Author (Bottom L) and her Family in Mexico at Christmas

I am one among millions. A child of cultural hybridity, I am unique in the specific combination of factors that determined my upbringing, yet unremarkable to the extent that racial/cultural mixing is the flavor du jour in many societies around the world. So when I try to analyze the importance of performance in my community, the first question that comes to mind is: what is my community? Together with legions of multicultural peers, I belong to a community that constantly moves between the cultures that have shaped us as people. This multicultural community is both an imagined community and a real one: most of us will never meet each other, yet we are aware that there are many others "like us". When we do meet one another, it has been my experience that there is an understanding or sorts between people who share the experience of multiculturalism, regardless of the specific cultural components of our experience.

Members of this community learn from a young age the politics of each of our communities in order to navigate them natively. The smooth navigation between communities is tricky, of course, and accurate cultural performance is essential in this process. Wrinkling and wiggling your nose in Puerto Rico has a series of possible meanings which another Puerto Rican can easily identify and respond to. I cannot wiggle my nose in Mexico and expect the same response. In essence, we learn to perform a multiplicity of identities ('selves') that fulfill the different expectations of our communities in order to be accepted as legitimate members.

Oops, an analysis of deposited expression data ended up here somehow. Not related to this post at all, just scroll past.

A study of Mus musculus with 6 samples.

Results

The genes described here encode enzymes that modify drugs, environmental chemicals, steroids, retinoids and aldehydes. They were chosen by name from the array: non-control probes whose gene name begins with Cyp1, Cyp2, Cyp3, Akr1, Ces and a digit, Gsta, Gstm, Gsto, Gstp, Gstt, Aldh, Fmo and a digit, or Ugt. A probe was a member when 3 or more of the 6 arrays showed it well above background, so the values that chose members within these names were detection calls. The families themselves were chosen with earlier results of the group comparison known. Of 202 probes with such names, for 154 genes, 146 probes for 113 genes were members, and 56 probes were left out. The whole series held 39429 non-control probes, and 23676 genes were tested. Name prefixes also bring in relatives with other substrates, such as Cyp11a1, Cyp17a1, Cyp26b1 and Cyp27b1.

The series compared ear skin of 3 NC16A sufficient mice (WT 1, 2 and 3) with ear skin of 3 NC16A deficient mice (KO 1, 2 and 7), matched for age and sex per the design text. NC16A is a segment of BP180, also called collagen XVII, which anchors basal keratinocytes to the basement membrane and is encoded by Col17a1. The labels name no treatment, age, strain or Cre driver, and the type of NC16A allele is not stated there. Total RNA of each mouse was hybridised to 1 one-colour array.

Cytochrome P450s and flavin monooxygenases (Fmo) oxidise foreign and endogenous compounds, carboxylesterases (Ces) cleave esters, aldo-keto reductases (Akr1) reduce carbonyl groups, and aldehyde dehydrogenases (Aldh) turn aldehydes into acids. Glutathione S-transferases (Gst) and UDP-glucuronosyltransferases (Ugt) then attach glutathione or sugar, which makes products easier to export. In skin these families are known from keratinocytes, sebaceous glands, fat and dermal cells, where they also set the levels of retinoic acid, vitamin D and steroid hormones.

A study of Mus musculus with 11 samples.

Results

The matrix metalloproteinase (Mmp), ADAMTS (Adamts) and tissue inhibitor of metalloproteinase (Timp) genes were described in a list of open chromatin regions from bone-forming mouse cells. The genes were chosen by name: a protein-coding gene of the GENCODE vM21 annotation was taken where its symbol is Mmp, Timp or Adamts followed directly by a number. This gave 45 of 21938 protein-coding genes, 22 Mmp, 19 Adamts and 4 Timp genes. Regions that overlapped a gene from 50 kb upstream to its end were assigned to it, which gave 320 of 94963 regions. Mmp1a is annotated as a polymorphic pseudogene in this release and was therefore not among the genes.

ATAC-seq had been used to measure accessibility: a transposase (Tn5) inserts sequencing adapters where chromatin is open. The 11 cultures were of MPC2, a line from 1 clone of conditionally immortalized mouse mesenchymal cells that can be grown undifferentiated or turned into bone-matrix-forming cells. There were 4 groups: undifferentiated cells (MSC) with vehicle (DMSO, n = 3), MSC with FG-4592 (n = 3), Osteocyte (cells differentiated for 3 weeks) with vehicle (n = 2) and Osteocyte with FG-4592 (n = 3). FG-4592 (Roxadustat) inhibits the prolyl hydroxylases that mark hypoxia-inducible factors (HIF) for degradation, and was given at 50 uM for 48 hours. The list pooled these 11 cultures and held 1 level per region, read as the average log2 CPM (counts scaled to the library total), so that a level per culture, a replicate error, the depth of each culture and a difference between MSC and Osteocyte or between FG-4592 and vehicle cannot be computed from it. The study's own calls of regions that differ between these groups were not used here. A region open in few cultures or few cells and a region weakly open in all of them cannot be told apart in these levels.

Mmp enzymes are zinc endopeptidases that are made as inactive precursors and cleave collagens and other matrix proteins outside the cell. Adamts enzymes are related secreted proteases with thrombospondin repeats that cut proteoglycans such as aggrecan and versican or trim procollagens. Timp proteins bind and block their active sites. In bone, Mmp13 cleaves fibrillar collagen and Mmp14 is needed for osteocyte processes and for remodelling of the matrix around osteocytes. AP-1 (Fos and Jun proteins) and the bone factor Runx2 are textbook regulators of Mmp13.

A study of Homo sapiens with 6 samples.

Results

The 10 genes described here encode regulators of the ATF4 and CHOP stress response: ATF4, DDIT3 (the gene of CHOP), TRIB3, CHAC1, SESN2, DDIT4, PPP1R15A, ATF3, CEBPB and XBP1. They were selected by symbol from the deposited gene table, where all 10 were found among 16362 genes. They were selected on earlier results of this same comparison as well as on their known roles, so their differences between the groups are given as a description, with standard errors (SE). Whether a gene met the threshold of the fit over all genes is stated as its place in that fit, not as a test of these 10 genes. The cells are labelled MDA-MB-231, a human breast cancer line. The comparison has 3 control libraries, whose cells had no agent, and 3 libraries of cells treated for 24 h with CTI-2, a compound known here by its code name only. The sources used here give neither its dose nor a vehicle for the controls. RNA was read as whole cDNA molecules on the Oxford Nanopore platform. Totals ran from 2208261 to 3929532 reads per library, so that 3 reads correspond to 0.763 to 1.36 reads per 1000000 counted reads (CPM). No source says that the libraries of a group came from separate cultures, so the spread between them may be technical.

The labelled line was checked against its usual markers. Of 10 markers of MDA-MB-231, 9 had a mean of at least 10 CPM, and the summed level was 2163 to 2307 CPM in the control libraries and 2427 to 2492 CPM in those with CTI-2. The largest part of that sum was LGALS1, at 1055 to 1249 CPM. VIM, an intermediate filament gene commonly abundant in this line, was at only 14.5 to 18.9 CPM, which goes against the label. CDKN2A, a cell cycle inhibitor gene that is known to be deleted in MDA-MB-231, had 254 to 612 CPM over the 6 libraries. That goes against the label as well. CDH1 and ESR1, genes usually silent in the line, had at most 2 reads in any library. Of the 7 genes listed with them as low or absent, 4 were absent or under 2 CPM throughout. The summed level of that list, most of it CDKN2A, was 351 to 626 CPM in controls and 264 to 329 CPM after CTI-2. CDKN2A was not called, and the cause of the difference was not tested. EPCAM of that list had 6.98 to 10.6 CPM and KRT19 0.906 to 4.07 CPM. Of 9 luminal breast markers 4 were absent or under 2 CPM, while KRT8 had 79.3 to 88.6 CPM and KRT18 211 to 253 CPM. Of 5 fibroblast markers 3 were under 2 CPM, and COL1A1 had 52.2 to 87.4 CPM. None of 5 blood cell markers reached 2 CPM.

The strength of our multicultural identity lies in its extreme mutability, its capacity to be exteriorized in a variety of particular 'selves' that give us access to different communities. The reinvention of 'self' becomes a daily performance. The multicultural performer reaches into his/her bag of tricks and pulls out the 'self' that is appropriate for a particular performance. This is not to say that we are not really Puerto Rican or Mexican or Peruvian. We are not acting; we are just selectively showing a side of ourselves. In doing so, we control the identity that we present to society. If performing an identity is a political act in and of itself, the importance—and political potential—of the multicultural performance of 'self' lies in giving us legitimated access to a diversity of cultural spaces and using this access to create bridges between communities that may not touch each other otherwise.

Citlali Martínez completed her BA in Visual Arts at Brown University (2002) with a focus in mixed media and installation. She is currently a graduate student of Hispanic Languages & Literatures at the University of Pittsburgh. Her current studies include Indigenous media, performance and video art, and ritual processes in art and literature.